Northwest Austin neighborhoods pay out of pocket for more policing


Concerns over speeding and security have led at least three Northwest Austin neighborhoods to pay for extra law-enforcement patrols.

On top of its individual tax contributions to the city’s police budget, the Balcones Village/Spicewood Homeowners Association—located west of US 183 and south of Anderson Mill Road—pays the Travis County Constable’s Office to deploy off-duty officers to the 1,100-home neighborhood in an effort to increase the safety of its streets.

The pilot program started in January, and HOA President Jacque Forrest said it has been successful.

“Residents have expressed continued concern about traffic in the neighborhood, especially speeding, as well as the amount [of vehicles]due to cut-through traffic,” Forrest said. “Realistically patrols by law-enforcement officers issuing citations for excessive speed and reckless driving is seen as the only effective way to get everyone to slow down.”

The BV/S HOA pays a standard rate of $65 per hour for one officer and patrol car, according to Lt. Jeff Parker of Travis County Precinct 2 Constable’s Office. Forrest said everyone in the 600-member HOA contributes equally through membership dues.

The HOA is one of four similar homeowner or neighborhood groups that privately contract with the constable’s office for extra traffic and crime-deterrent patrols, according to Parker. The constable’s office has resident-paid patrols in the Dominion at Great Hills off Yaupon Drive, the Village of the Hills Property Owner’s Association in Lakeway and the Highland Park West Balcones Area.

The Austin Police Department provides a similar off-duty patrol program. Forrest said the BV/S HOA looked into the APD’s program, but she said the constable’s office pay rate of schedule flexibility made it a better fit.

For the past 20 years, the Anderson Mill Limited District has paid the Williamson County Sheriff’s Office for two deputies to provide added security on AMLD property and parks.

‘We’re out there to deter’

The BV/S HOA began the program with four to six patrols per week at various times, concentrating on morning and evening commute traffic. That number has dropped to between one and three patrols per week, barring any special circumstance in which the HOA feels more are required, Forrest said.

Though she declined to provide hard evidence, Forrest said the program has been worthwhile.

“The visibility of officers is a deterrent to vandalism and crime,” Forrest said. “We track the number of stops made per patrol—there has been a drop of about 25 percent.”

Although the visibility deters crime, Parker said “99.9 percent” of the constable patrols’ duty is traffic control.

“We’re out there to deter,” Parker said. “[APD] is just spread so thin; they do not have enough traffic-control officers to work every neighborhood that has a speeding problem that needs to be addressed.”

APD Lt. Daniel Watson said although the constable’s office assists the neighborhoods in traffic control, the department is still responsible for crimes, 911 calls and emergency services. Watson said there has not been any issues of encroachment between the two patrolling agencies.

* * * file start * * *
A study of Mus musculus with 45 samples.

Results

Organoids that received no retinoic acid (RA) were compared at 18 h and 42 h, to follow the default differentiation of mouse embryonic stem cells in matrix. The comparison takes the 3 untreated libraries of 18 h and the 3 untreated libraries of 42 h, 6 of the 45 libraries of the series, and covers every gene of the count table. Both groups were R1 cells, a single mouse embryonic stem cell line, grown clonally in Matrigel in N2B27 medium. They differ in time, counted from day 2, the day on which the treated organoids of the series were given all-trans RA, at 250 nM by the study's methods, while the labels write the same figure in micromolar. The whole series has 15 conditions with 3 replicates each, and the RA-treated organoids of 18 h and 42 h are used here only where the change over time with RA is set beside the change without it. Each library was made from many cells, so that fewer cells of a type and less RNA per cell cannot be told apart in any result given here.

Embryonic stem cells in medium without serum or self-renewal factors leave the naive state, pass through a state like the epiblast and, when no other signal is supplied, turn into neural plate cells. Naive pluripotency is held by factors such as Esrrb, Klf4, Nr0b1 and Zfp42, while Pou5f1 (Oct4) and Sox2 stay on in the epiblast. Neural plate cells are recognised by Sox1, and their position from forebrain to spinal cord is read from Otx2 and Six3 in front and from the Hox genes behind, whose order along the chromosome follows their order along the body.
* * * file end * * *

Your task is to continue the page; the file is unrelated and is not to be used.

A resources issue?

The city budget authorizes APD to have a 1,908-officer roster. Ely Reyes, assistant chief of the North Patrol Region, said APD’s 130 current vacancies is relatively low. In the northwest sector of Region 2, the APD patrol area in which the BV/S HOA lies, Reyes said the department has three vacancies, the lowest vacancy rate in the city.

In addition to the incoming cadet classes expected to fill the current vacancy gap by the end of this year, Reyes said the police department will seek authorization from City Council to add 77 new patrol officer positions, seven corporals and four sergeants.

But even with additional resources, District 6 Council Member Jimmy Flannigan said police resources should go first to areas where violent crime is an issue.

“It makes sense in the community and District 6 that you apply resources to violent crime first,” Flannigan said. “If we want to provide traffic monitoring or property crime abatement, we don’t need highly trained, armed and badged officers driving from Parmer Lane to take a report about a stolen laptop.”

Flannigan supported the civilian Community Service Officer program proposed in the Final Report on Community Policing released last August. The report states that bringing on a team of civilian officers to handle low-priority and non-emergency calls would help bring more trained resources to priority areas while providing patrols in the low-intensity neighborhoods.

Editor’s note: This post was updated to correct information about the Anderson Mill Limited District. The neighborhood does not pay for additional code enforcement. It does pay for additional security through an agreement with the Williamson County Sheriff’s Office.

Christopher Neely is Community Impact's Austin City Hall reporter. A New Jersey native, Christopher moved to Austin in 2016 following two years of community reporting along the Jersey Shore. His bylines have appeared in the Los Angeles Times, Baltimore Sun and USA Today. He is a graduate of the University of Maryland's Philip Merrill College of Journalism.